Imagine yourself cozily rolled in your favourite orange blankie reading fairy tales. Just for kicks, just to go back to those old times, when you would read them not because you didn’t question whether they were real, but because they were automatically real. When reality itself would slip between your fingers like melted silver and turn into blue mountains hiding forbidden places and sparkling rainbows at the foot of which a treasure, just waiting there. When everything out there, at that blurry line of the horizon seemed within the reach of your trembling hand. Your steady breath across the pages would make them real.
The comforting reality, where the bad guys would receive their punishment and the good guys and beautiful maidens would get married and live happily ever after. Then imagine a thunder cracking the clear sky, bringing rain and mud in this little perfect world. Imagine it being torn by crooked trees, by poisonous flowers, growing wildly across the paths where once the sun used to rise to no end. Now you are in the world of the Crooked Man and of John Connolly’s Book of Lost Things.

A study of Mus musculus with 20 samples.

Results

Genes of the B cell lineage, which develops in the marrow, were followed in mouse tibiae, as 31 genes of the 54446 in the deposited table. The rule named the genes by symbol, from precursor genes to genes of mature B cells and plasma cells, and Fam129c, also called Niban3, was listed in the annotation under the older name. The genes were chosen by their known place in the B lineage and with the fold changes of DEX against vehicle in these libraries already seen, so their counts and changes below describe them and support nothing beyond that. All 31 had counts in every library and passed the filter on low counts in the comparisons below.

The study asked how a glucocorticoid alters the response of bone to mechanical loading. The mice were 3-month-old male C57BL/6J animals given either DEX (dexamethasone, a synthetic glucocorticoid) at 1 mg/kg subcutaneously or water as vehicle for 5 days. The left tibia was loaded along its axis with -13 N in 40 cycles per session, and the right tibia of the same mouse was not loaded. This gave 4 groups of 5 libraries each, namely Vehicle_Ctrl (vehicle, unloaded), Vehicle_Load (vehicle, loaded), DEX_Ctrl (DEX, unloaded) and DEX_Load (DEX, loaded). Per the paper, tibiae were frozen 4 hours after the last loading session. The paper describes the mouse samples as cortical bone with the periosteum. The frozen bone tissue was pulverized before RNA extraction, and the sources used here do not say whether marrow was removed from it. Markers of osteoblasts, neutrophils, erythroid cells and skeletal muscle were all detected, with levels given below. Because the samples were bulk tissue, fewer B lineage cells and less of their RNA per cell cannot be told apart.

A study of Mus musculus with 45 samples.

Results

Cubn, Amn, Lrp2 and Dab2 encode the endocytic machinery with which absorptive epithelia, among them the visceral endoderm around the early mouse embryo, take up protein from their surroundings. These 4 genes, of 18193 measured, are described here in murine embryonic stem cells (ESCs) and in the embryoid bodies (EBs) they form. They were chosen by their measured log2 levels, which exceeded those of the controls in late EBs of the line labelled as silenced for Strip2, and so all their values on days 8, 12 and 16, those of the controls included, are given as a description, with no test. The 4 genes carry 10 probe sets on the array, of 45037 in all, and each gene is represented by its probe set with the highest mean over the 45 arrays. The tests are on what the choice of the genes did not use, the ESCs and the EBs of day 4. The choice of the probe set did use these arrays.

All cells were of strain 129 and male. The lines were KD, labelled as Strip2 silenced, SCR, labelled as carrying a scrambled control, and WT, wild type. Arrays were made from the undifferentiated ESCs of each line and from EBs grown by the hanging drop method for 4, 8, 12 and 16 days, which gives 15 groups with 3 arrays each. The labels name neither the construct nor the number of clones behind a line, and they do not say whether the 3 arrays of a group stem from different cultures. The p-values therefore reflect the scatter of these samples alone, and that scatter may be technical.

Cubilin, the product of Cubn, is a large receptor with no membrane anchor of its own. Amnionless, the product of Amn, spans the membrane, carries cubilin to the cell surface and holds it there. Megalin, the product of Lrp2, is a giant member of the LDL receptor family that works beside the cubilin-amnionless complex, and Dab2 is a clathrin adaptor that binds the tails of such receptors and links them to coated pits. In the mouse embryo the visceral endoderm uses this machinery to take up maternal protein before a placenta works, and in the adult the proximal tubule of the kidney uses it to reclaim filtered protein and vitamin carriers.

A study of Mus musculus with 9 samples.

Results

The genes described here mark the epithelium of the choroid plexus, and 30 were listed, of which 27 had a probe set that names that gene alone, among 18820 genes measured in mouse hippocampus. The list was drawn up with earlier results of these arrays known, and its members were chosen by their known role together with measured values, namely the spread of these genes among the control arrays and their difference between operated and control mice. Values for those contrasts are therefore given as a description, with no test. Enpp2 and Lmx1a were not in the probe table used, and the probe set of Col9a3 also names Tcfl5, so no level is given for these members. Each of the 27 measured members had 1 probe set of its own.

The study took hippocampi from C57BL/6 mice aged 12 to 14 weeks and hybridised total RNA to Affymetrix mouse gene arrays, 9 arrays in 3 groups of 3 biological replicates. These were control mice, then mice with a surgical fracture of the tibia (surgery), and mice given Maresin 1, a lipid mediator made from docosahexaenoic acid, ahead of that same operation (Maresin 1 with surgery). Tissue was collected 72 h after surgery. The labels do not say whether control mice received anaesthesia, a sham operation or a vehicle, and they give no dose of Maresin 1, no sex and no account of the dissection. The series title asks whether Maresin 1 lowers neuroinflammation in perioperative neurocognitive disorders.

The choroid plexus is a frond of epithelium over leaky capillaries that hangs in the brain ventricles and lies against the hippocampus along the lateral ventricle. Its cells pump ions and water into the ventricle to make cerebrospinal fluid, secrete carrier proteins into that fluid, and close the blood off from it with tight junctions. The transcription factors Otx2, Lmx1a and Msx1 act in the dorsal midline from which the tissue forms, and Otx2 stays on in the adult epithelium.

These tainted fairy tales lie in a frame, like the letters framed by tree branches which have grown thorny and wild. David, the main character, is just the means, the train which the reader uses to land into the world which is no longer known to him. While walking along David, you meet characters which might remotely remind you of those times when reality was not questioned. A physically and psychologically deformed Snow White. A Hansel which leads himself into perdition because he is not capable of learning and adapting. A group of army surgeons which find their end and the hand of an almost mythical figure, like fallen from an unrated horror movie. Sometimes the stories are too harsh, too bloody, lacking any humanity or trace of mercy. They send a cold shiver up your spine, find you hoping that David will be able to guide through this forest of deadly characters. Alive.
These twisted pages are their own metaphors for reality, too. Their own metaphors for growing up.